Lockheed signs pact with Tata to make F-16 planes in India
Ahead of prime minister Narendra Modi’s visit to the US, Lockheed Martin signed an agreement with Tata Advanced Systems to make F-16 fighter jets in India.
To overcome shortage of fighter jets in the Indian Air Force, the Indian government is seriously considering proposals to produce combat machines under the Make in India initiative.
Lockheed Martin has already submitted proposals to set up its facility in India to produce its popular F-16 fighters, hoping to get orders worth billions. The company is also willing to export made in India F-16s to other countries.
The Lockheed Martin’s agreement with Indian partner Tata comes just ahead of prime minister Modi’s visit to the US where he would hold his first meeting with president Donald Trump.
The US president’s position on promoting American interests and its business has already come in the way of Indian industry. It remains to be seen how the two countries settle down their differences and get down to business.
The Lockheed Martin-Tata deal was announced at the Paris Airshow. The US company officials explained that the partnership will save American jobs and create new opportunities in India. “F-16 production in India supports thousands of Lockheed Martin and F-16 supplier jobs in the US, creates new manufacturing jobs in India, and positions Indian industry at the centre of the most extensive fighter aircraft supply ecosystem in the world,” said a joint statement.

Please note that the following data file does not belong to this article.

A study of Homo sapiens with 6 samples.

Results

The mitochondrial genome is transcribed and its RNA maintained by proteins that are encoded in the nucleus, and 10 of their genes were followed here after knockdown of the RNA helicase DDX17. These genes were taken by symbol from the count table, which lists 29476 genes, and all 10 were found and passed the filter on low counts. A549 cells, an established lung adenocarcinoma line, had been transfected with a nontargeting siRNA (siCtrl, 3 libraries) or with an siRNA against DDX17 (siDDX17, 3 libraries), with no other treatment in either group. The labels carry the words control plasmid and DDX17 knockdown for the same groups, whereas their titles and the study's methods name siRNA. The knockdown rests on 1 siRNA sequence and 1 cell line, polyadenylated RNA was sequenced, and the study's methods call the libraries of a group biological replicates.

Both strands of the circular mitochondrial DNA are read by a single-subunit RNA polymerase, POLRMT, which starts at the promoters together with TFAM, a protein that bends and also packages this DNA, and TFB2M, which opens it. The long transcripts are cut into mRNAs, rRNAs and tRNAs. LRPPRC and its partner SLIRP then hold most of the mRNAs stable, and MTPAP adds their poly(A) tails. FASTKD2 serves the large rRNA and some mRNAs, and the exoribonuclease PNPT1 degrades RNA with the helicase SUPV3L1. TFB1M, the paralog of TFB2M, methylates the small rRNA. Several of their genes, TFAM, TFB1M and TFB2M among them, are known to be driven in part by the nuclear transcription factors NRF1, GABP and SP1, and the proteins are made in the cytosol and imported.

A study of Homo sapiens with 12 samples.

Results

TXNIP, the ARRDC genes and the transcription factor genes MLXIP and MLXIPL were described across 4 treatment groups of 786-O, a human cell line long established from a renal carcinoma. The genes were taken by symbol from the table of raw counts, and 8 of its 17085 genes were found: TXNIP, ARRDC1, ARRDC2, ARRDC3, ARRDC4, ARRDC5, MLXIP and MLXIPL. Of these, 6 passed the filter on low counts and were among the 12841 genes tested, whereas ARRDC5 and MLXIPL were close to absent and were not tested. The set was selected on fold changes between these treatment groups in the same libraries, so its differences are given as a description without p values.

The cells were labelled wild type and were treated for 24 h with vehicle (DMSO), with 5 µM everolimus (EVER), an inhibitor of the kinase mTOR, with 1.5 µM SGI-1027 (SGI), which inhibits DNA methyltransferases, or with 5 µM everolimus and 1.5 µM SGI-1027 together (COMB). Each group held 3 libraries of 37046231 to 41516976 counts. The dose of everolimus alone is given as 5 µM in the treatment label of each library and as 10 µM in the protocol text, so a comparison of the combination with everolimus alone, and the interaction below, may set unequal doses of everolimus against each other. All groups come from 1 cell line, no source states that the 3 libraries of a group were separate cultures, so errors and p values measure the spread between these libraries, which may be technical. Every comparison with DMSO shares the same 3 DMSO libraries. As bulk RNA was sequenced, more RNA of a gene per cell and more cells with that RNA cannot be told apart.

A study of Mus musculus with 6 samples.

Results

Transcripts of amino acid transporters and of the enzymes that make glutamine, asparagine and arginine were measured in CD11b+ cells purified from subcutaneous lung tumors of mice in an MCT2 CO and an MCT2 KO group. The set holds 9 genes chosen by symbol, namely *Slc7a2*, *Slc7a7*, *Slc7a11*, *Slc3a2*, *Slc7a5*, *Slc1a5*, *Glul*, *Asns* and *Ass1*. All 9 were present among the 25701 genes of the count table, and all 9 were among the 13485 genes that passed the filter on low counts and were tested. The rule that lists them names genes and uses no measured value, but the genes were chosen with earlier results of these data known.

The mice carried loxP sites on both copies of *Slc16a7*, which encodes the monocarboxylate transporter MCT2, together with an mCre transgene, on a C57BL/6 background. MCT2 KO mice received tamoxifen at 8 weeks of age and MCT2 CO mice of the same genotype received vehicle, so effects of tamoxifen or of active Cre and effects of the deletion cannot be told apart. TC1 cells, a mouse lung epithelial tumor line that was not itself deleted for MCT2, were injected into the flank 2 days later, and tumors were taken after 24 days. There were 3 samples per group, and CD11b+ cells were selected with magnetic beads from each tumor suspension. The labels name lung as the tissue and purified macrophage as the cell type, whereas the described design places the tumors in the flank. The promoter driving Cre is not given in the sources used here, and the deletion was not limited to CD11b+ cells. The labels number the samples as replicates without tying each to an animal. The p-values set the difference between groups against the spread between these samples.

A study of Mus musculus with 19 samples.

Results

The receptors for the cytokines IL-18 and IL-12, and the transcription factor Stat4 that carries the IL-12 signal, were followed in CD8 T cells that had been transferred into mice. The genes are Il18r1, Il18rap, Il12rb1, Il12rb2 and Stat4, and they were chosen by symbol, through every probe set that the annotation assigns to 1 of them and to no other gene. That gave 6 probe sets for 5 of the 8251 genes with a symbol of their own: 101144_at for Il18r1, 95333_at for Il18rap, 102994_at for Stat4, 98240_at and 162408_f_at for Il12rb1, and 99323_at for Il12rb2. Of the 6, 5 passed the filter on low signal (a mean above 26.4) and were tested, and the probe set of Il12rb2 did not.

But F-16 is not the only aircraft India is looking at. Sweden’s SAAB, which makes Gripen, has also made similar offer and so has Boeing for the F-18 Super Hornets. Producing a single engine fighter jet is also one of the key areas covered under the recently announced strategic partnership model of defence manufacturing in India. The model aims to open floodgates for private Indian companies to take part in bit ticket defence contracts.
The IAF has been worried about its falling fighter squadron strength. For years, Soviet-era Mig-21s have been the mainstay of IAF’s combat strength. The numbers have come down drastically and even though IAF now flies more than 200 Su-30 MKIs and has ordered 36 French Rafales, it needs more aircraft to deal with threats from China and Pakistan. Lockheed had lost the bid for the supply of F-16s to IAF some years ago. The IAF had preferred to buy the French Rafale instead.